Why are we monitoring?
Sea otters are an important component of nearshore ecosystems in the northern Gulf of Alaska. Sea otters have strong effects on prey communities and sea otter numbers and behavior reflect habitat conditions; because of these features, sea otters are particularly useful indicators of ecosystem status. We monitor several aspects of sea otter populations, including diet and energy intake rates based on foraging observations, age-at-death based on examination of carcasses, and distribution and abundance using aerial and skiff surveys. Through foraging observations, we can also use the sea otter to infer how the nearshore subtidal community is changing over time. Taken together, these metrics provide important insights on the status of sea otter populations and the condition of the environments in which they occur.
In addition to their important role within nearshore communities, sea otters are of high conservation interest in their own right, as a highly recognized and societally-valued marine mammal. Also, sea otter populations in the southwest Alaska population segment (which includes coastal habitat of Katmai National Park and Preserve) are listed as threatened under the Endangered Species Act. Monitoring sea otter populations, as well as other nearshore ecosystem components related to sea otter population health, will result in important information to better understand population status and trajectories (see Bivalves and Intertidal Communities).
Where are we monitoriing?
We monitor sea otters across a broad swath of the northern Gulf of Alaska within the area affected by the Exxon Valdez oil spill. Study regions include western Prince William Sound (WPWS), Kenai Fjords National Park (KEFJ), Kachemak Bay (KBAY), and Katmai National Park and Preserve (KATM).
How are we monitoring?
There are three different ways sea otter data are collected:
- Aerial surveys are conducted to estimate trend in sea otter density over time and map their distribution. Skiff surveys provide additional data on abundance and reproduction.
- Sea otter foraging data are collected annually to estimate diet composition and energy intake rates (Kcal/min), i.e., the amount of prey energy consumed per unit of time while an otter is foraging. These rates are used to indicate population status relative to a food-limited carrying capacity.
- Carcasses are collected to estimate the age-class distribution of dying otters, which provides insight as to the status of the population.
What are we finding?
Sea Otter Density
Aerial survey data collected during Gulf Watch Alaska, combined with surveys conducted prior to 2012, paint a picture of very different population status and trajectories among our study regions. KATM and KBAY have had rapidly increasing densities in recent decades, with densities stabilizing at high values relative to KEFJ and WPWS, reflecting differing prey abundance and subsequently differing carrying capacity. KEFJ has had consistent but low densities, reflecting a stable population in an area with lower prey availability. WPWS also has relatively low densities, with an increase around 2008 thought to be related to recovery from the Exxon Valdez oil spill.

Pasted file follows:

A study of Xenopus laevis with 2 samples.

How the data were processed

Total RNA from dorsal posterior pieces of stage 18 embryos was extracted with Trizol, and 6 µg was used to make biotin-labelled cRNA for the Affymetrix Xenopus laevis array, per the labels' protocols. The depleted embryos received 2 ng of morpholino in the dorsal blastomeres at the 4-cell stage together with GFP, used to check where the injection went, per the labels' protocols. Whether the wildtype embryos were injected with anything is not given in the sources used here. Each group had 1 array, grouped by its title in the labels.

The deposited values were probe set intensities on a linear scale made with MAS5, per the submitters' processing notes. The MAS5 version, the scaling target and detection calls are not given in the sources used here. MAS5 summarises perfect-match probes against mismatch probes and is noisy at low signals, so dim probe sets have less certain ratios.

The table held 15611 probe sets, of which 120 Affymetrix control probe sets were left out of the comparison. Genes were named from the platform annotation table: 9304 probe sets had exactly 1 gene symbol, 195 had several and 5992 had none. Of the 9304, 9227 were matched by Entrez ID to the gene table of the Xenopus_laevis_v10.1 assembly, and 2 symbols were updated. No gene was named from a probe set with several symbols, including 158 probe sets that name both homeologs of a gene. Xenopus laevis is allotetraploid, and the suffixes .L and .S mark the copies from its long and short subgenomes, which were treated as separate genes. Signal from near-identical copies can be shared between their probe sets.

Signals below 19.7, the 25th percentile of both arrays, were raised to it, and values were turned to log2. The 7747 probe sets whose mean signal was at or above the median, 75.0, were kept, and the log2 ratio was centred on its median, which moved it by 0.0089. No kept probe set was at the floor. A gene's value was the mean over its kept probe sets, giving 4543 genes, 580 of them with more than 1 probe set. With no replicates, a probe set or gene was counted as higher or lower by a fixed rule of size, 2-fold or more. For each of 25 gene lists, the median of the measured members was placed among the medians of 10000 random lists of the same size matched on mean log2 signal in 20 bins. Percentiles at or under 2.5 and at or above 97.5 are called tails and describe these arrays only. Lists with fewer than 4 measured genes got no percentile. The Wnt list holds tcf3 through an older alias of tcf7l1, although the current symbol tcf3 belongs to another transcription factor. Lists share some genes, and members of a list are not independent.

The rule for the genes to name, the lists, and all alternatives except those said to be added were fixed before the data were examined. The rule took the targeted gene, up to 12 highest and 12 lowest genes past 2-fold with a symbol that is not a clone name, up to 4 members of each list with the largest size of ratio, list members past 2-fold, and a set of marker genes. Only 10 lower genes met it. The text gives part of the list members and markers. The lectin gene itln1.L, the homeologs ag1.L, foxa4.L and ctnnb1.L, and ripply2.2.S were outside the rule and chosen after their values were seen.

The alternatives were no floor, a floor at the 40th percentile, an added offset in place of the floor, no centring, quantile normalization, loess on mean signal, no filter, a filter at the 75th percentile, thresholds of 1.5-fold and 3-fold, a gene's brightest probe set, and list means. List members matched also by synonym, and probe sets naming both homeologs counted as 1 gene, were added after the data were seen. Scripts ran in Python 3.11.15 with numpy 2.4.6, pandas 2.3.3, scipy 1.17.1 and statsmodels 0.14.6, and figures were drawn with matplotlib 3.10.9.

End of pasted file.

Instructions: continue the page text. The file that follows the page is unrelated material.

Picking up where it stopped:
Sea Otter Diet and Energy Intake
We have found that proportions of prey types in sea otter diets vary by region. The sea otter diet at KEFJ is comprised of about equal proportions of mussels and clams, while in contrast, diet in KATM continues to be dominated by clams with an assortment of other, less-important prey. WPWS sea otters appear to have shifted recently from a diet primarily of clams to one higher in mussels in 2018, consistent with recent increases in large mussel abundance (see Bivalves). In KBAY, where annual foraging observations were initiated in 2018, sea otters are eating a relatively high proportion of mussels. Coinciding with the increase in large (≥20 mm) mussels across all study areas (see Bivalves), we have found increases in mussel consumption by sea otters in recent years.
At KATM, foraging sea otter energy recovery declined from ~ 12 Kcal/min in 2006, to about 7 Kcal/min in 2012 (when the population peaked), to about 5 Kcal/min in recent years, reflecting a population that has reached carrying capacity and has remained fairly stable since that time. Average values through 2018 at KEFJ and WPWS are about 6 Kcal/min, also consistent with populations at or near carrying capacity. Energy recovery rates at KEFJ and WPWS are consistent with estimates of population abundance that remain relatively stable over time.